The global decline in oil prices has prompted Petroleos Mexicanos (PEMEX) to make a $5,531,678,000 (MXN $100 billion) adjustment to its budget so it can meet its 2016 Financial Balance goal.
PEMEX’s board of directors approved the program Feb. 26, which PEMEX CEO Jose Antonio Gonzalez Anaya said was needed to help PEMEX with its short-term liquidity issues and anticipated decline in income due to lower oil prices.
The state energy firm’s budget includes a $5,531,678,000 (MXN $100 billion) adjustment to ensure the company can meet its financial balance goal of $8,242,200,220 (MXN $149 billion), which comprises revenues of $22,016,078,440 (MXN 398 billion), a total expenditure ceiling of $26,441,420,840 (MXN 478 billion) and financial costs of $3,816,857,820 (MXN 69 billion).
Mexico’s Congress had initially approved PEMEX’s budget based on an oil price of $50/barrel and a production platform of 2,247,000 barrels per day. But PEMEX now faces substantially lower income as oil prices are expected to trade at average $25/barrel for the remainder of 2016, Anaya said during a Feb. 29 conference call. In addition to lower oil prices, PEMEX also has faced declining production in recent years and rising production costs as it has moved into new areas of exploration and production.
Anaya has asked the entire PEMEX organization to contribute to the adjustment program, which is intended to help PEMEX take advantage of the new instruments and figures provided by the energy reform in order to attract third party investment. This plan includes PEMEX maintaining its 2016 production goal and stabilizing medium and long-term production, meeting its labor and financial obligations, and maintaining the safety and reliability of its facilities.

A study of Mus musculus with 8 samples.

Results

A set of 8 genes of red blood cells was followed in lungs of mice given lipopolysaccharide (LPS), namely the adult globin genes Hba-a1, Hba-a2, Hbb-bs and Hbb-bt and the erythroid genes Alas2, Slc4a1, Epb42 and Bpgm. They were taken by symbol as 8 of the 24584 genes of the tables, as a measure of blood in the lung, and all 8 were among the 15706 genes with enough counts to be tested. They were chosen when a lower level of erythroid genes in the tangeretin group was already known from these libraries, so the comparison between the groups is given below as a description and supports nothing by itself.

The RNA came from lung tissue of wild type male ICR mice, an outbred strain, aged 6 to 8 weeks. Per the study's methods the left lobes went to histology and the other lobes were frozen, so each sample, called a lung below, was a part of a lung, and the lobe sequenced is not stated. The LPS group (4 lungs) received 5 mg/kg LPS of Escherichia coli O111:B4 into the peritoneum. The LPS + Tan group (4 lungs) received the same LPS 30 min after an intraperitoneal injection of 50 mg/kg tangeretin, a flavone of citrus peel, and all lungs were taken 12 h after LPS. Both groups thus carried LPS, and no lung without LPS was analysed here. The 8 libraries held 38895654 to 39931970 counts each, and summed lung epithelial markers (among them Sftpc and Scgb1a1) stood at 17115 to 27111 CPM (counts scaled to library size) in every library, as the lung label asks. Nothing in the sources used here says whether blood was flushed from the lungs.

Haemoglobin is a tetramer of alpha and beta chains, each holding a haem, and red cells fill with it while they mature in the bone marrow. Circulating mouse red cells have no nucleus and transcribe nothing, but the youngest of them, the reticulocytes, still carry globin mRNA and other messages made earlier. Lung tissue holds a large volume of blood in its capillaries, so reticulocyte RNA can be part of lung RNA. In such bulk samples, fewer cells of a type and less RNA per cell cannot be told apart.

The proposed adjustment will reposition PEMEX to embrace its new role as a state-owned productive company under the energy reform framework, Anaya said. As part of this plan, the company will defer or reconsider $3,591,834,904 (MXN 64.9 billion) in projects that impact future production. This adjustment includes a $1,521,963,942 (MXN 27.5 billion) adjustment for exploration and production projects that either are not impactful on the near-term outlook or where PEMEX could enter a partnership or joint venture for exploration and development. It also includes a $1,959,439,447 (MXN $35.4 billion) adjustment for industrial transformation.
PEMEX expects to realize a $1,599,666,241 (MXN 28.9 billion) adjustment by increasing productivity of operations and promoting more efficient use of resources. This includes a $725,108,226 (MXN $13.1 billion) adjustment for the typical austerity measures taken by oil and gas companies in downturns, such as cuts to general expenditures, travel expenses and telecommunications, Anaya said. It also includes a $725,046,461 (MXN $13.1 billion) adjustment in exploration and production and $99,624,704 (MXN $1.8 billion) adjustment in logistics.
The company also expects to realize a $343,137,221 (MXN 6.2 billion) adjustment from refocusing its capital and operating expenditures towards projects that yield profitable returns under a $25/barrel oil price versus $50/barrel.
Additionally, PEMEX will eliminate two corporate director positions as part of the adjustment program. The director of human resources position will be absorbed by the director of administration, and the director of oil-related research position will be absorbed by PEMEX Exploration and Production, Anaya said. The duties of the latter role had previously been under PEMEX’s exploration and production division until a year and a half ago.
Anaya, who was recently appointed CEO of PEMEX, told attendees at the IHS CERAWeek Conference last week that the company was looking for more than just financial investment from its partners, but partners who could help PEMEX learn to operate more efficiently.